Here is what happened in Europe overnight, and why the market sentiment is already negative in advance of an NFP number which many are watching closely as a miss of expectations will cement the thesis that the US economy has now rolled over and will likely need more nominally dilutive aid from central planners to regain its upward slope:
- Spain Services PMI for April 42.1 – lower than expected. Consensus 45.4. Previous 46.3.
- Italian Services PMI for April 42.3 – lower than expected. Consensus 43.7. Previous 44.3.
- France Services PMI for April 45.2 – lower than expected. Consensus 46.4. Previous 46.4.
- Germany Service PMI for April 52.2 – lower than expected. Consensus 52.6. Previous 52.6.
- Euro-area Service PMI for April 46.9 – lower than expected. Consensus 47.9. Previous 47.9.
And while the data was bad enough to send European stocks and US stock futures lower, the latest meme spreading as the first US traders walk in, is one of reNEWed QE expectations already, if a very weak one for now.
More from BofA:
Asian equity markets were mixed today with the Shanghai Composite inching up 0.5%. The rest of the region's markets finished lower as investors worried about global growth prospects. The Hang Seng fell 0.8% while Korean Kospi markets dropped 0.3% to close below the psychologically important 2000 level. The worst performing market was the Indian Sensex down 1.9%. In Japan, the Nikkei was closed for holiday.
European equities are trading lower ahead of this weekend's elections in France, Greece, Germany and Italy. The most important elections will be the French Presidential elections and the Greek parliamentary elections. In the aggregate Europe equities are trading 0.7% lower. The region's blue chips are falling less the broader market down 0.6%. At home, futures are pointing to a 0.2% lower opening as investors temper there expectations before today's April employment report.
The dollar is stronger against the rest of the major currencies which has led to weakness in commodities leading to almost a 1% fall in WTI crude while gold is down 0.4% with the absolute price falling to $1629.53.
Treasuries are trading flat across the curve ahead of this morning's payroll report. The 10-year yield is currently trading at 1.93%. In Europe, UK gilts are flat while yields on the Italian and Spanish 10-year notes are 3bps lower.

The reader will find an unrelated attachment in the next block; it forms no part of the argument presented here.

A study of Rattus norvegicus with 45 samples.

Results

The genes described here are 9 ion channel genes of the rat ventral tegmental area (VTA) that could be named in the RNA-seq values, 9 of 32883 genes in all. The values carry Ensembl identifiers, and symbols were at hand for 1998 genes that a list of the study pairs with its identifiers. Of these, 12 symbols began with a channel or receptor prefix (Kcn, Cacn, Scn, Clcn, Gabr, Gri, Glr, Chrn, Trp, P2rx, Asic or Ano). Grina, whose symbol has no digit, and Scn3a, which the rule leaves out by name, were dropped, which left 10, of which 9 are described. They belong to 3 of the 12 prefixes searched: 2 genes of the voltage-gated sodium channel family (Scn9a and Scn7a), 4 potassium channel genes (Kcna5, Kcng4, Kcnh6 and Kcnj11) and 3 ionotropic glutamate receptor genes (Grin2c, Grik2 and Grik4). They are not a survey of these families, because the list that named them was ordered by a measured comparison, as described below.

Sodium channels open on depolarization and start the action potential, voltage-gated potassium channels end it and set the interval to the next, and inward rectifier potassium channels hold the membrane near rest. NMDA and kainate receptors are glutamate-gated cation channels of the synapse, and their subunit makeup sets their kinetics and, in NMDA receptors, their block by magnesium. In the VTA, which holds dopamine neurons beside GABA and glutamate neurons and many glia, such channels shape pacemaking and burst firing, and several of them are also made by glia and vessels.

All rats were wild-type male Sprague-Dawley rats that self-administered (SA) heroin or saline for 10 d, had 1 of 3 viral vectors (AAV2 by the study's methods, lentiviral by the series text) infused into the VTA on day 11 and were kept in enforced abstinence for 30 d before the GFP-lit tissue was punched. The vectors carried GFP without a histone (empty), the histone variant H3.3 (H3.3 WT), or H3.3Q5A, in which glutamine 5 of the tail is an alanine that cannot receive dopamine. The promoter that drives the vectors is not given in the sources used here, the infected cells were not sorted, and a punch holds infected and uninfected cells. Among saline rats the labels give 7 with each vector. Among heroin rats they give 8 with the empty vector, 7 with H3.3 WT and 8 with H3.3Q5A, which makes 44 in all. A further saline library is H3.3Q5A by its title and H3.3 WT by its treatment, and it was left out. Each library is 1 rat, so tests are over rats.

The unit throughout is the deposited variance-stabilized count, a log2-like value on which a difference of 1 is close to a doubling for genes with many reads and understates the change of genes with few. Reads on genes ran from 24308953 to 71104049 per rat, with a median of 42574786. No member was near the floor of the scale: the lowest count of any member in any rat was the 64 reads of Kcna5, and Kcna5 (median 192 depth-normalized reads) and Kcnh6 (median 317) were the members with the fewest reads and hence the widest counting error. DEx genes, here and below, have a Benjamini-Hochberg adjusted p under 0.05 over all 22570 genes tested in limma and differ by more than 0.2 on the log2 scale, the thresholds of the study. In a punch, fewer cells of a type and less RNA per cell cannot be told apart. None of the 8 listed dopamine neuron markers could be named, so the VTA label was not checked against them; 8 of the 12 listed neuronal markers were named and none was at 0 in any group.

Overseas data wrap-up
The ECB yesterday left its benchmark interest rate unchanged at 1% and refrained from hinting at any forthcoming LTRO but rather tried to dampen expectations for such a move, confirming our view there will likely be no such move before the summer. ECB President Mario Draghi insisted credit could only slowly revive with a turn around in confidence and improved demand. A final and particularly strong message from the ECB was that the Bank had done its job, but national governments still had some homework to do whether on banking, fiscal or structural reforms.
The euro area composite PMI for April was revised down to 46.7 from the flash estimate of 47.4: now showing an even larger fall from 49.1 in March. Moreover, having climbed to a touch above the 50 "no change" mark at the start of 2012, the composite PMI has now fallen all the way back to its Autumn lows.
The only thing on the economic calendar today is the release of the April employment report.
We expect nonfarm payrolls to expand by 155,000 in April after a 120,000 increase in March. Over the past few months, job losses across state and local government have moderated and so, we expect private employment to match the increase in the headline. Under our forecast, the three-month trend in headline employment runs 172,000 per month from 212,000 in March. This slowing momentum is consistent with the tone in most labor market indicators; most notably, the four-week moving average on initial jobless claims is running at its highest level since January.
Recall that the payroll report is noisy. The monthly change needed for a statistically significant move in payroll employment is +/- 100,000. In our view, part of the weakness in March was a function of noise and part of the weakness was a function of weather. Our forecast assumes the weather payback grows in April, but that the 'noise' to abates somewhat. Put differently, our forecast of 155,000 is somewhat lower than the average over February and March of 180,000.
With softer employment growth, we see the unemployment rate rising to 8.3% from a cycle low of 8.2%. Getting the unemployment rate right requires a view on employment and on the rate of labor force participation. We expect labor force participation to rise slightly after falling 0.1ppt last month to 63.8%. The last Conference Board confidence survey showed more respondents reporting that jobs were "not so plentiful", implying a desire to look for but an inability to find work. We are not looking for any surprises in hours worked or earnings. The workweek will likely remain flat at 34.5 while hourly earnings are expected to rise 0.2% MoM, consistent with relatively soft wage growth.